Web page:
Inside Augusta

Pressure mounts on Speaker Gideon, President Jackson to reconvene the Maine Legislature


“I certainly feel like we are getting close to the point where we may reconvene…” Senate President Troy Jackson told the Press Herald last week. “At that time, [Gov. Mills’] emergency powers either won’t be the same or they won’t be there at all. She’ll have to work with us in a different way. We are getting close.”

Since the legislature’s adjournment, lawmakers have had little say in Maine’s response to COVID-19. In early May, Jackson and Speaker of the House Sara Gideon, both democrats, called on the governor to create a task force directing Maine’s response to the virus. Mills denied their request, arguing that it was based on “a misimpression that our administration has not been responsive to or is not consulting the Legislature on matters of restarting Maine’s economy.”  

Lawmakers, however, have complained about Mills’ lack of transparency surrounding decisions such as the delaying of dine-in services for restaurants in Androscoggin, Cumberland and York counties. 

Earlier this month, tensions rose when the administration––to the surprise of many lawmakers––withheld the labor commissioner from an oversight meeting intended to address issues plaguing Maine’s unemployment system. Lawmakers on both sides of the aisle criticized Mills’ decision as they left the meeting with few answers on how to help struggling constituents.  

The public has also expressed frustration with the Mills’ administration. Several businesses have written complaints and filed lawsuits against the governor over her restrictive reopening plan, one which continues to change based on “science” that is arguable at best.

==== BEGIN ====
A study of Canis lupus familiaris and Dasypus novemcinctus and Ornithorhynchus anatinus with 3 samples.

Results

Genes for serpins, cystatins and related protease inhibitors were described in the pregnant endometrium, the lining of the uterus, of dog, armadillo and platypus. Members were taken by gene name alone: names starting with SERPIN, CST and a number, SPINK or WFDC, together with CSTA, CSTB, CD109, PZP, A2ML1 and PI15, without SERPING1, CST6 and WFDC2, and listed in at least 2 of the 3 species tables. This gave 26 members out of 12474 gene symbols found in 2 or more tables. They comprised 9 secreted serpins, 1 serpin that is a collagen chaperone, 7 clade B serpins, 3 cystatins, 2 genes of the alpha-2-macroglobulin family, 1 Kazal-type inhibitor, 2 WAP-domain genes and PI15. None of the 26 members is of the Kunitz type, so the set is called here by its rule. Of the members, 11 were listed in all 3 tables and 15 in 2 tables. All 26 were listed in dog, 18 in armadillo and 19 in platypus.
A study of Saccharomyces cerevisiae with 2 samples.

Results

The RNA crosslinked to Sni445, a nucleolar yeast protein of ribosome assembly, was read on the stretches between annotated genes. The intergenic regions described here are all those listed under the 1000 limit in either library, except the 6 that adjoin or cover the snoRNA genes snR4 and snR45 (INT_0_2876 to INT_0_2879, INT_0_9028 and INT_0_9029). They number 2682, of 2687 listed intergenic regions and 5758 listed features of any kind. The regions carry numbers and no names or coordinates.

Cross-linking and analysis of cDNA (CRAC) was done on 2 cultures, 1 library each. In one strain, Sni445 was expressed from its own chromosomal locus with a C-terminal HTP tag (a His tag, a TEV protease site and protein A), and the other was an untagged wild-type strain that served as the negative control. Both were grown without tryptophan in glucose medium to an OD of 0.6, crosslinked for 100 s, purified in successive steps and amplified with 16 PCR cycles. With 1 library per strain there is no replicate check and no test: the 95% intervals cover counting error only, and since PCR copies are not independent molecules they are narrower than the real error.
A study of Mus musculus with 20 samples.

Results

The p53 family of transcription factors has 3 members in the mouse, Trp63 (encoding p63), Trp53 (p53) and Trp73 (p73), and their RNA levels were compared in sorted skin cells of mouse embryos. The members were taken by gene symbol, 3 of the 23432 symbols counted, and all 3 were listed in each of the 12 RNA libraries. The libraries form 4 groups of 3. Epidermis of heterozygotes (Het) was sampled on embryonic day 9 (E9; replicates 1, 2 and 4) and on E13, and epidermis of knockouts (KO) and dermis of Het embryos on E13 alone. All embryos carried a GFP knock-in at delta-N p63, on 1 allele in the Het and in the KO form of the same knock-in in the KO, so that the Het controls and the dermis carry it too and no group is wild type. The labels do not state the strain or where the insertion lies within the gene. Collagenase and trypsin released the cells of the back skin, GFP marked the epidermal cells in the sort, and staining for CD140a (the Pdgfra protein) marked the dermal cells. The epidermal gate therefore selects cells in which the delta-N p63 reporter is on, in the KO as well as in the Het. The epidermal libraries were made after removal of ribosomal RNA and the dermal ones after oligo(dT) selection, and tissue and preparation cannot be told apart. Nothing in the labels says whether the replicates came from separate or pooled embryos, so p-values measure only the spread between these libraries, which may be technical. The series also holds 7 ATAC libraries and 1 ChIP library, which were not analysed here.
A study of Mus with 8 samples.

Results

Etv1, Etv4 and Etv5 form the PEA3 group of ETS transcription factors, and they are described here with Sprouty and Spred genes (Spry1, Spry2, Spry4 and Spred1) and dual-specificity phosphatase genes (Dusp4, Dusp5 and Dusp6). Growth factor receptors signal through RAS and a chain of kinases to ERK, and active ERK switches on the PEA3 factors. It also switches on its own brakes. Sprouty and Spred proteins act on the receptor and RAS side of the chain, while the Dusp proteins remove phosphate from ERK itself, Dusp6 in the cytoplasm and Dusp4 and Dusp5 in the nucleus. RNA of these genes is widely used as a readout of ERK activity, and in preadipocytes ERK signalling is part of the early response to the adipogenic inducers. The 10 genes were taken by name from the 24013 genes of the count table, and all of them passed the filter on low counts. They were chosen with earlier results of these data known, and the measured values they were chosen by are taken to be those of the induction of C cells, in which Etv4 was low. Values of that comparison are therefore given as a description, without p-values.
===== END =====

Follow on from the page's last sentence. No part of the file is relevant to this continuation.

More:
Given the grievances voiced by lawmakers and Maine citizens, the legislature’s return seems imminent. While there is no official date set, Jackson told the Press Herald that the legislature may reconvene in a month, or possibly longer. 

Mills told legislative leaders in March that she would reconvene the legislature “when it is safe to do so.” If the legislature reconvenes, they can pass a resolution to strip Mills of her emergency powers; otherwise, her powers may only be removed if she voluntarily gives them up. 

Last week, New Hampshire representatives reconvened in the University of New Hampshire’s hockey arena. They have 400 members in their House of Representatives compared to Maine’s 151 members. 

You can sign the petition to reconvene the Maine Legislature here: https://mainepolicy.org/reclaimme/ 

About Isabelle Christie

Isabelle Christie is a senior at Marist College pursuing a degree in history and minors in communication and writing. She is currently serving as Maine Policy Institute’s summer 2020 communications intern.